Graying Societies and Immigration
John de Boer (Research Associate, GLOCOM)
In his series on the declining birthrate in Japan, J. Sean Curtin points out that many European countries such as Germany and Italy face similar challenges. Like Japan, their societies are aging and this is forcing governments to scramble for a solution. At stake is nothing less than the economic clout of these societies. Citing a UN population survey, Professor Curtin outlines that if trends continue Japan's population will decline by approximately 23 million by 2050 with 35.8% of its population being aged 65 years or older (Social Trends #20). According to Curtin, Germany's population is also set to decline by 23 million by the time we reach 2050 (Social Trends #21). Unless curtailed, great demands will be placed on these societies as a result of their graying and shrinking populations. In the worst case scenario, rising social welfare costs will be accompanied by lower economic output, ultimately forcing these two giant economies out of business.
Numerous studies have been published recommending a variety of strategies to combat this problem and immigration is often cited as a potential remedy. Most recently, Deutsche Bank published a report on the subject entitled International Migration: who, where and why? For Deutsche Bank one of the main issues is about securing a productive and highly "skilled" labor force. On this point, judging from Japan's immigration policies which is open only to highly skilled and/or educated individuals, the Japanese government seems to agree. The challenge, according to Deutsche Bank, relates to how these particular countries can entice elite migrants to their economies. Considering that there are a large number of aging societies in the industrialized world, competition for human resources will be fierce. The Deutsche Bank has likened this to a "beauty contest" between graying industrialized countries for highly qualified staff. Candidate countries will not only have to attract workers by offering higher wages, mechanisms for social integration and cultural proximity but also may have to enter into agreements with countries of origin in order to secure their "release".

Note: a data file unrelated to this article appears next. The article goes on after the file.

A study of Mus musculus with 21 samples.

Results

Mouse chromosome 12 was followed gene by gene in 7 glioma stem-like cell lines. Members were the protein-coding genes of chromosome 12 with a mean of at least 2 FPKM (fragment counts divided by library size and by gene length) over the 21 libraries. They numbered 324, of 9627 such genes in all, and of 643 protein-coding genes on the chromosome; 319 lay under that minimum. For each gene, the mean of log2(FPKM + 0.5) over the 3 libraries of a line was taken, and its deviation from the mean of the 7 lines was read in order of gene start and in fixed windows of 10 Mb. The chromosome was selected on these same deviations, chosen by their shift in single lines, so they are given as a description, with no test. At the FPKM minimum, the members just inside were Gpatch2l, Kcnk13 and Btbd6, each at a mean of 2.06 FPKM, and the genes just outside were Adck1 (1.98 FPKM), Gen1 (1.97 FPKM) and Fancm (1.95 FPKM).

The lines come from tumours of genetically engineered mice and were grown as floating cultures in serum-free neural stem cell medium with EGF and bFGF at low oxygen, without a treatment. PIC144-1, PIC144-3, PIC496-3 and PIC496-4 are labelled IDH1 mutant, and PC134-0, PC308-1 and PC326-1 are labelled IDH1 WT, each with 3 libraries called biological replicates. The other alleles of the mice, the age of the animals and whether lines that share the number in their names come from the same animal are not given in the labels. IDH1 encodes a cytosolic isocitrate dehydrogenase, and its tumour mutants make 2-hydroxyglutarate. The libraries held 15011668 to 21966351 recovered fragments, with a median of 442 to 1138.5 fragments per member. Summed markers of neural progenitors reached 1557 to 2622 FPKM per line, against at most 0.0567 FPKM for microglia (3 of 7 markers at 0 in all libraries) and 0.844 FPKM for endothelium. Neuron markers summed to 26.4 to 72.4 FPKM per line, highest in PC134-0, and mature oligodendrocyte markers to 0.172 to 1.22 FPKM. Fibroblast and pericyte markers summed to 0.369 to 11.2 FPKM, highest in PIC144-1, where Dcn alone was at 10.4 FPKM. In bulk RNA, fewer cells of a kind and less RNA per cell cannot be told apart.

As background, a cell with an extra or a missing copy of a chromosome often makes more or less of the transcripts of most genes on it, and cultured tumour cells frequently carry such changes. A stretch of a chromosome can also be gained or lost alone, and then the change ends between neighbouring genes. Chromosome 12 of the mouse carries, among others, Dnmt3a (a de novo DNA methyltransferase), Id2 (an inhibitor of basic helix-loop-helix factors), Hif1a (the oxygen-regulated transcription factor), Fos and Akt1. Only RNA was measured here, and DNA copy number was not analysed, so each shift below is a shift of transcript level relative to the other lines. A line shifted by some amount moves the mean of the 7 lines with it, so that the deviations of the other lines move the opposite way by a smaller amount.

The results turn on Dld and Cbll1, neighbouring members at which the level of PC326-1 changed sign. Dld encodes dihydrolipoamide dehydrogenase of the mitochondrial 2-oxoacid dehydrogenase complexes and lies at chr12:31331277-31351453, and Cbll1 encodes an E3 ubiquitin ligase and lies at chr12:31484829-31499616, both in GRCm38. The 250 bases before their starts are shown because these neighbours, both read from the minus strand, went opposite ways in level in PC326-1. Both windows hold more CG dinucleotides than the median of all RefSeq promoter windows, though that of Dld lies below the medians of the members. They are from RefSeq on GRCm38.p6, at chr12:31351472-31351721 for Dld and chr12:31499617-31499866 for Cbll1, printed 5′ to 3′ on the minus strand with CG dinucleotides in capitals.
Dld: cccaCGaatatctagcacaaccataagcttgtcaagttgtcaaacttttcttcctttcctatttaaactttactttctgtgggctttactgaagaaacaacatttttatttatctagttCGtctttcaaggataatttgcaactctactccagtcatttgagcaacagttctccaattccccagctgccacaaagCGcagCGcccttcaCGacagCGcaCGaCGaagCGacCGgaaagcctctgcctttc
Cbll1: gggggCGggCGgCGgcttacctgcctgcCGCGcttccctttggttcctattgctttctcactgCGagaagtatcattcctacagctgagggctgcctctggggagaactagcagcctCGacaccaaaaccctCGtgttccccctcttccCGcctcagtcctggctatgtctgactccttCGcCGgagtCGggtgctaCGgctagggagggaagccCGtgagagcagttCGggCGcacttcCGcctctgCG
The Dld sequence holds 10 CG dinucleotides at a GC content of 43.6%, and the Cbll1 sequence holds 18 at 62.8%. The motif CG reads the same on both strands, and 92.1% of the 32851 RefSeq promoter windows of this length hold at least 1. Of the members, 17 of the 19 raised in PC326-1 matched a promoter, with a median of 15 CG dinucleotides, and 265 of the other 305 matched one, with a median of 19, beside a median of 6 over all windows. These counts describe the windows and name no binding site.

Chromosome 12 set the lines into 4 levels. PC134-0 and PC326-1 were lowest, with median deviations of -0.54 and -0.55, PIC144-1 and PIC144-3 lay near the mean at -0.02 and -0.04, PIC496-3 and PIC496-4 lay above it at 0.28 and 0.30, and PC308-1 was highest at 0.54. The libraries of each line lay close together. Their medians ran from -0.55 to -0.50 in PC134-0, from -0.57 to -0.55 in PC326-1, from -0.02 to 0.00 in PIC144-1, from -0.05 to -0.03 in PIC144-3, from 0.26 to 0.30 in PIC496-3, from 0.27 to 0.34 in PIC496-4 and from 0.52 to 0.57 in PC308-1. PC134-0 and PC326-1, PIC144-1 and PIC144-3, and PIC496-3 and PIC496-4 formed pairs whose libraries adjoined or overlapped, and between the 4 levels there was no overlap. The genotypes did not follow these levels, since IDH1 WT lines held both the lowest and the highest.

In this scenario, as the Deutsche Bank puts it, "undesired immigration is to be avoided" and only the beautiful are to be selected. This is done through controlled migration where governments establish criterion that is sufficiently high to weed out refugees and disadvantaged or "unskilled" migrants. The problem with this system is not only that it makes competition for the scarce number of so-called skilled workers that much more severe, but it also stimulates an illicit trade in humans.
The undesired, who are often forced to migrate due to situations of poverty, famine or conflict, end up being trafficked by organized crime. Unwanted migrants choose this as their only option and are often forced to risk their lives in order to escape their morbid reality. Some pay the Mafia by selling their body upon arrival, others borrow huge sums of money placing their families as collateral in order to pay the transport fee. Those who do not die on the way, eventually find themselves enslaved, abused and tortured for the rest of their migrant lives. The lucky ones find themselves doing dirty, dangerous and difficult work in high demand sectors, which notoriously have deep connections to this underground (in Japan's case mizushobai and construction).
The tremendous demand for "skilled" labor in graying societies such as Germany, Italy and Japan combined with initiatives that try to prevent "undesired" migrants from laying a foot on their soil is contributing to a humanitarian disaster. Thousands are dying and millions are being violated each year. While industrialized countries in need of workers are not entirely to blame for this tragedy, it is important that these governments recognize that their immigration policies play a part in creating a problem that is much more tragic than those faced by an aging society.